Couple find proof that Shakespeare was in Rye

Paul and Rosie SUS-170215-100138001
Paul and Rosie SUS-170215-100138001

Teacher Paul Franczak and his wife Rosie Brocklehurst provided evidence to back up their claim, which has now been recognised as legitimate by the Folger Shakespeare Library in Washington DC, the world authority on Shakespeare.

Shakespeare SUS-170215-103056001

Shakespeare SUS-170215-103056001

Their research has put Rye on the map by forming part of a permanent online exhibition by the Folger.

They uncovered evidence which shows Shakespeare would have performed at The Mermaid Inn, at Rye, as part of the Mayor Making celebrations in the summer of 1597.

This was shown by a record of the Rye Chamberlain’s Accounts, which included an August 1597 entry for a payment of 20 shillings to Shakespeare’s company, the Lord Chamberlain’s Men.

The Lord Chamberlain’s Men was formed during the reign of Queen Elizabeth I. Shakespeare was not only the principal author of its plays, but a company ‘sharer’ and an actor.

7/10/11- The Mermaid Inn, Rye ENGSNL00120110710122328

7/10/11- The Mermaid Inn, Rye ENGSNL00120110710122328

The players had been invited to Rye to celebrate the mayor making of John Fowtrell, the then owner of the Mermaid Inn.

When former teenage friends Rosie Brocklehurst and Paul Franczak met in Rye in 2003 after more than 30 years, he told her about some research he had begun into Shakespeare’s theatrical troupe visiting Rye in 1597.

Rosie, a former Director of Communications who lives in St Leonard’s, and Paul Franczak, a former resident of Rye, and long time teacher at Homewood School, Tenterden, Kent, subsequently married in 2010.

Early in 2016, 400 years after Shakespeare’s death, Rosie Brocklehurst-Franczak, undertook some research into an historical thriller she was writing. She discovered that the original documents held at the Sussex Archive, The Keep, at Falmer.

She wrote to the Keep, to Toronto University where the Records of Early English Drama are produced, and also to the world famous Folger Shakespeare Library in Washington.

It was a timely approach. The Folger were putting together a permanent online exhibition of original Shakespeare Documentation, a world first.

Rosie said: “I have always loved History, and have a degree from the London School of Economics. But I was amazed that the Folger had such an embracing attitude towards mere lovers of History such as myself.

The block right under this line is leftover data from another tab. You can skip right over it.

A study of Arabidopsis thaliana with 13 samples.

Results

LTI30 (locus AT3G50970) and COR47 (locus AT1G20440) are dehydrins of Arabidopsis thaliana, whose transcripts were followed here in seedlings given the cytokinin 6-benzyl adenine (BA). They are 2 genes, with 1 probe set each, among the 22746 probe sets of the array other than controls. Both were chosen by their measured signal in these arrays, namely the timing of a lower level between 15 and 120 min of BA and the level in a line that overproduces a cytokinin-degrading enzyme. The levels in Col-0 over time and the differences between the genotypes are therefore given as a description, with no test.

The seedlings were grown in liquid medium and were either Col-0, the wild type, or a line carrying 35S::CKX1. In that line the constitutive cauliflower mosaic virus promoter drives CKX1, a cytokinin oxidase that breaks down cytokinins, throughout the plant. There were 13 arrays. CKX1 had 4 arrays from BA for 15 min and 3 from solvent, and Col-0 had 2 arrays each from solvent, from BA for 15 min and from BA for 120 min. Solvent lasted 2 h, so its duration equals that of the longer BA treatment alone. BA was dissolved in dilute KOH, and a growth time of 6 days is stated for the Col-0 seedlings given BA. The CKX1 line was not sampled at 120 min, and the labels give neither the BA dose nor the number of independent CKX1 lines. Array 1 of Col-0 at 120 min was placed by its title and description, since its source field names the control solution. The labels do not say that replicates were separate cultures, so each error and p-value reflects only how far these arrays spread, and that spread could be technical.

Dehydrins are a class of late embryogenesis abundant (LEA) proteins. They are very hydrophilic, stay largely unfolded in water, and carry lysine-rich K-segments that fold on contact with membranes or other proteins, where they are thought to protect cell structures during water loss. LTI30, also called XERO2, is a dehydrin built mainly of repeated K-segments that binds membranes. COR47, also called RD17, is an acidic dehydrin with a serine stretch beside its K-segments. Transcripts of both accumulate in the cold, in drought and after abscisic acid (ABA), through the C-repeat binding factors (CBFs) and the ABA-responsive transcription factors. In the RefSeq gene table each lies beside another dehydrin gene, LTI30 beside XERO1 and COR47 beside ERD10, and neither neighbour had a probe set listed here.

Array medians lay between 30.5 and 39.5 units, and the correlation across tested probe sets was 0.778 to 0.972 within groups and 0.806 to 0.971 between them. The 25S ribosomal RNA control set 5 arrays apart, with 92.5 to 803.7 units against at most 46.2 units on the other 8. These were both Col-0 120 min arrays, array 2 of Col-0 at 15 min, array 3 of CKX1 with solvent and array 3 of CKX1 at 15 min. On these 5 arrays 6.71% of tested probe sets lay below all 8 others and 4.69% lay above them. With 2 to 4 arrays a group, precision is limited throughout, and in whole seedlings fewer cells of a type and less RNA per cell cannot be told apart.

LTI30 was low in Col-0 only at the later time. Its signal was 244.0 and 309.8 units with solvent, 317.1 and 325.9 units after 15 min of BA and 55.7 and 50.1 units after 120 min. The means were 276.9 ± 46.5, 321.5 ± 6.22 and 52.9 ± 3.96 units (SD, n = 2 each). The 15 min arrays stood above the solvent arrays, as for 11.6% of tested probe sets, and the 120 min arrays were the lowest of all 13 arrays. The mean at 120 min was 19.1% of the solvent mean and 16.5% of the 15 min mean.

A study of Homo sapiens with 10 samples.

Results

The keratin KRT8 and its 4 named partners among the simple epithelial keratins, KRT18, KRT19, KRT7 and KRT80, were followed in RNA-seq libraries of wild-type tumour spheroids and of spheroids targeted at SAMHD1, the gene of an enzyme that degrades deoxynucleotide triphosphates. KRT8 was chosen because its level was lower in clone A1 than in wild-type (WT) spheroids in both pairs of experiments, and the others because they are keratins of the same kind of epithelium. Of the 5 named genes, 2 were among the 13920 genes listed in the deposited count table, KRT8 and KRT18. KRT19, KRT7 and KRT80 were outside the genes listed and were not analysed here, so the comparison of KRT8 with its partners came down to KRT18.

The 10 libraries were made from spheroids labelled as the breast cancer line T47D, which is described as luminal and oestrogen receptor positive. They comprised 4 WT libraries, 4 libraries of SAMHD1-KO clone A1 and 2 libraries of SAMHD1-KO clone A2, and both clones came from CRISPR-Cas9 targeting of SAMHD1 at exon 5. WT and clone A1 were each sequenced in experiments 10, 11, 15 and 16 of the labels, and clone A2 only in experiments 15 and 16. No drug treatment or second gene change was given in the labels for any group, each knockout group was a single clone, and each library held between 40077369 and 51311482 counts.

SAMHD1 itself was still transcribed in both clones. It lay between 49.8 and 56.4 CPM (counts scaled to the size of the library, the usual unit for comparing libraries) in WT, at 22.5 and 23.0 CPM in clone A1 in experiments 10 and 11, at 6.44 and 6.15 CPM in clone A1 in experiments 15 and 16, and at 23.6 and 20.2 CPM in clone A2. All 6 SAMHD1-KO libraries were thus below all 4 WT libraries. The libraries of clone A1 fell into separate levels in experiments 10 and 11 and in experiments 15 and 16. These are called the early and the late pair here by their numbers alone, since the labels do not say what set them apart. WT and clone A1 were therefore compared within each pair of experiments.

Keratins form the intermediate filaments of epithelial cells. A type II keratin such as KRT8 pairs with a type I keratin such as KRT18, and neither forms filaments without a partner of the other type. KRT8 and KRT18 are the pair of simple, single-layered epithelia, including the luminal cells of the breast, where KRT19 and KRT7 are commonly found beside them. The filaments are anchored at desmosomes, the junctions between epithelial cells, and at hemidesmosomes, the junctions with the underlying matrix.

“It is well known that Shakespearean scholarship is jealously guarded and that academic reputations can be built on the discovery of new information. But it is important to bring information to a wider audience and we wanted to ensure that today’s residents of Rye were aware of their own fascinating history.”

She added: “We were invited by Judith and Martin, from the Mermaid, to revisit just before Christmas

“When we arrived, we were astonished to find a quotation from Shakespeare’s ‘Love’s Labour’s Lost’ and the date 1597, painted at the top of one wall in ‘Dr Syn’s’ lounge.

“I wondered if this information might have passed down the generations? There are some other wonderful wall paintings at the Mermaid, some visible and some hidden behind plaster. It is possible that ‘Love’s Labour Lost ‘ could have been one of the plays performed by the Shakespeare players.

“The only extant Quarto of the play was printed in 1598, but reference is made in the frontispiece to an earlier version. It was certainly performed before 1597. It is not known precisely what play was performed for the mayor-making however. Other possible contenders are The Merry Wives of Windsor, Richard II or Henry IV Part 1.”

It is likely that Shakespeare met Fowtrell because they performed for his celebrations. Fowtrell had married the widow Cicely Didsbury, whose former husband owned the Mermaid and left it to her.

The players may have stayed at the Mermaid, but may have lodged at another Inn. The Mermaid was known in the 16th century to have been used by merchants and wealthier clients.

Cicely Didsbury’s first husband book was once kept a book of all who had stayed at the Mermaid. “Unfortunately this book has long disappeared,” said Rosie, “What a tale it could tell if found.”